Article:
In less than a week, I will travel to Israel. It has been a goal of mine to make this trek for years. I have long imagined what it might be like to see the western wall, to walk the Via Dolorosa, to visit the Chirch of the Nativity, to behold the Dome of the Rock and to wade in the Jordan River. While there, I will get to see so these and so many other incredible sites that speak directly to the history of my faith and the faith traditions of people throughout the world. It is mind boggling to think of the faithful people who have walked those streets and alleyways before me. It is overwhelming to consider the millions of pilgrims from three different faith traditions who have made this journey and have been transformed along the way.
I go to not only experience these amazing places, but also to interact with wonderful people who call that land their home. I travel to discover what it might be like to develop an interfaith program for college students from Indianapolis who represent each of the three Abrahamic faith traditions. Is it possible to bring these students together for a year to learn about one another, discover the uniquenesses and commonalities of their faith traditions and dedicate themselves to discovering what it might mean to work together for the betterment of their world? Would it be possible to take this group of young scholars to Israel at the conclusion of their year of discovery to witness firsthand the difficulties and possibilities of interfaith work in a place each of the faiths hold as holy? Could it be that this group of young people could return home committed to hold on to that which is distinctive in their own faith tradition and be equally committed to working together because of these distinctives as well as our commonalities?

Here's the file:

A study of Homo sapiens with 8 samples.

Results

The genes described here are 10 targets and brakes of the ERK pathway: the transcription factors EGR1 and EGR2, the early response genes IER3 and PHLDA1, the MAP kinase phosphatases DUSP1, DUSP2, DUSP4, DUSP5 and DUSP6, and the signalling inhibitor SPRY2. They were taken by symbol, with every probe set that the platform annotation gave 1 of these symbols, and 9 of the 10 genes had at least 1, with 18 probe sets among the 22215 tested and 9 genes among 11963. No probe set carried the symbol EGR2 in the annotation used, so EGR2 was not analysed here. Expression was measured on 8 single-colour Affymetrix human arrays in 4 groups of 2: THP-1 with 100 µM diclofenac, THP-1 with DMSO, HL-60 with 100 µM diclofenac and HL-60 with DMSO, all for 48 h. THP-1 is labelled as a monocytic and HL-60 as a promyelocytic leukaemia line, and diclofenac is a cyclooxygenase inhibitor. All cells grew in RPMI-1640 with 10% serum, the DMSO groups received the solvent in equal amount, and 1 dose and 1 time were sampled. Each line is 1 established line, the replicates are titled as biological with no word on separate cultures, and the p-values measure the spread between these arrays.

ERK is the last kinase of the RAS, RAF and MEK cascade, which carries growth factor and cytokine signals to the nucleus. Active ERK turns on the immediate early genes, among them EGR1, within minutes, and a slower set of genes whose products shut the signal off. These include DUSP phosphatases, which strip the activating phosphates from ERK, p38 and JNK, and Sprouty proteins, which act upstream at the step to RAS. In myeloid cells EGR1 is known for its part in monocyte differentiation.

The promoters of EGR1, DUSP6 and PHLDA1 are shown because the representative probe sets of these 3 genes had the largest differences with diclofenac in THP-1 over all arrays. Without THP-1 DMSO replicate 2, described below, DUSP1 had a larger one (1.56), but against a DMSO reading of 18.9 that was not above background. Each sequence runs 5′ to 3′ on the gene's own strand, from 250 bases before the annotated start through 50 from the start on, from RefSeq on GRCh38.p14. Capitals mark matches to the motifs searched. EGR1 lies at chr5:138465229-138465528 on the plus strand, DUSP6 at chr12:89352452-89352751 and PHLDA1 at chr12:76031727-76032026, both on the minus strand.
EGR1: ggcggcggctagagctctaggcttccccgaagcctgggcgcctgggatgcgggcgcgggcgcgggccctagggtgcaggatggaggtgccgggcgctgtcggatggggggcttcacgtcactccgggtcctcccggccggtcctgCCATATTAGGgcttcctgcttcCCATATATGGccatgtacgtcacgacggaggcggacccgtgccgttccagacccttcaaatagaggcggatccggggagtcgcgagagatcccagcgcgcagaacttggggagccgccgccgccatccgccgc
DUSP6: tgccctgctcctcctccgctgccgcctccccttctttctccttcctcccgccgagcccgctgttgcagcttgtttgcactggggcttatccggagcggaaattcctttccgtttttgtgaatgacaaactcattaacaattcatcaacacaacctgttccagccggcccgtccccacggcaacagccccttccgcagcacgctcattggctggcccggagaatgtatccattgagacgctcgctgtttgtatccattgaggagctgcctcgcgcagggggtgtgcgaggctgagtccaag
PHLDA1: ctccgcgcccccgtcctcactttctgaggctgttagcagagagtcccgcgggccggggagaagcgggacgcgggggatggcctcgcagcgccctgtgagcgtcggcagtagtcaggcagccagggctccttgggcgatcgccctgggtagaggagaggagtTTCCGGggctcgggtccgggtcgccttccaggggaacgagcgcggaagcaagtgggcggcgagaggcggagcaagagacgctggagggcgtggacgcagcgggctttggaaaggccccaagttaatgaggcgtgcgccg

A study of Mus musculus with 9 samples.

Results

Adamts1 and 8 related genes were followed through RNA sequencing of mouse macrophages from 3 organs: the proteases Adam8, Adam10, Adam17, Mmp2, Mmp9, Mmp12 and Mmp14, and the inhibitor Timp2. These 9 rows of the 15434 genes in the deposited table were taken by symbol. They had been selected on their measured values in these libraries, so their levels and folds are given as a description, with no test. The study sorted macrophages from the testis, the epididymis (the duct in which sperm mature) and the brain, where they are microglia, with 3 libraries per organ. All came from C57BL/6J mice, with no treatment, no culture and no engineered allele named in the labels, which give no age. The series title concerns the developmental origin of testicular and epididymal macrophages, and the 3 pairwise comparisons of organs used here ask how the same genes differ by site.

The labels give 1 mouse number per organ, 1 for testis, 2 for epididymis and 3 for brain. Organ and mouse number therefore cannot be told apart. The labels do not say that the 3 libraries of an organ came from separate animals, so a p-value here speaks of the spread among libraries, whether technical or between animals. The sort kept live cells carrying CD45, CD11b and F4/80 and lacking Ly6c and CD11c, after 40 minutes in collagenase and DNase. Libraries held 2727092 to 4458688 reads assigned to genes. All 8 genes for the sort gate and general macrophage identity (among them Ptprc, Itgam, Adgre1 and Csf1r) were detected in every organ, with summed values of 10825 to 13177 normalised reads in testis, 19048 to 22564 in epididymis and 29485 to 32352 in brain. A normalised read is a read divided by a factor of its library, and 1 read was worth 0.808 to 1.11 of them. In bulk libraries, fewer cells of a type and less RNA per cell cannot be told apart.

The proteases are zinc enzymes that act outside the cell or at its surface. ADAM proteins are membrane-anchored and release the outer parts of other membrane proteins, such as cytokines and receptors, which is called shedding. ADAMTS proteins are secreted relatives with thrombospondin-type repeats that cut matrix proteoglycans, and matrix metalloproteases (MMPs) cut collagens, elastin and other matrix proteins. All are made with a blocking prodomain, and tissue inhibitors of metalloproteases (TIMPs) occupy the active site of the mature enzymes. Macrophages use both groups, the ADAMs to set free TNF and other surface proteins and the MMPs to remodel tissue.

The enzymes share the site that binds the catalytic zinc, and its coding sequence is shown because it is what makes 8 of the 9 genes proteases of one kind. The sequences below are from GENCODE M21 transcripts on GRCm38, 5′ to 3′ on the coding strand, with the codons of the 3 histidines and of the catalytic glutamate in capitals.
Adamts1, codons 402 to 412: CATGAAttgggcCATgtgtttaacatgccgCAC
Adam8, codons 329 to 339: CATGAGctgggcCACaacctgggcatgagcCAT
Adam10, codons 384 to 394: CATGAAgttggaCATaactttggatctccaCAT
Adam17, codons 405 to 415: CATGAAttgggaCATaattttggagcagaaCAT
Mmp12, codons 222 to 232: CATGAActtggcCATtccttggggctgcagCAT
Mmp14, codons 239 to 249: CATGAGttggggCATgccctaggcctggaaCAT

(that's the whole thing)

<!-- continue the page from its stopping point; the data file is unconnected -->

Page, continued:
These are some of the questions that will shape my travels. I am convinced that we have a unique opportunity to discover something important, something transformative, not only for ourselves but also for our culture and the world in which we live.
If you are interested, you can follow my journey here on is blog. Please keep me and my traveling companions in your thoughts and prayers.
One last thing before I go. My father, grandfather and I had dreamt for years that we would take this journey together. I go carrying them with me in my heart and my mind. Their teachings and example have played a huge role in bringing me to this moment in my life. I love them both and celebrate the impact they have had on countless lives.
Rev. W. James Shivers and Jim Shivers, I may travel without you, but I do not travel alone! Thank you for all you have done for me.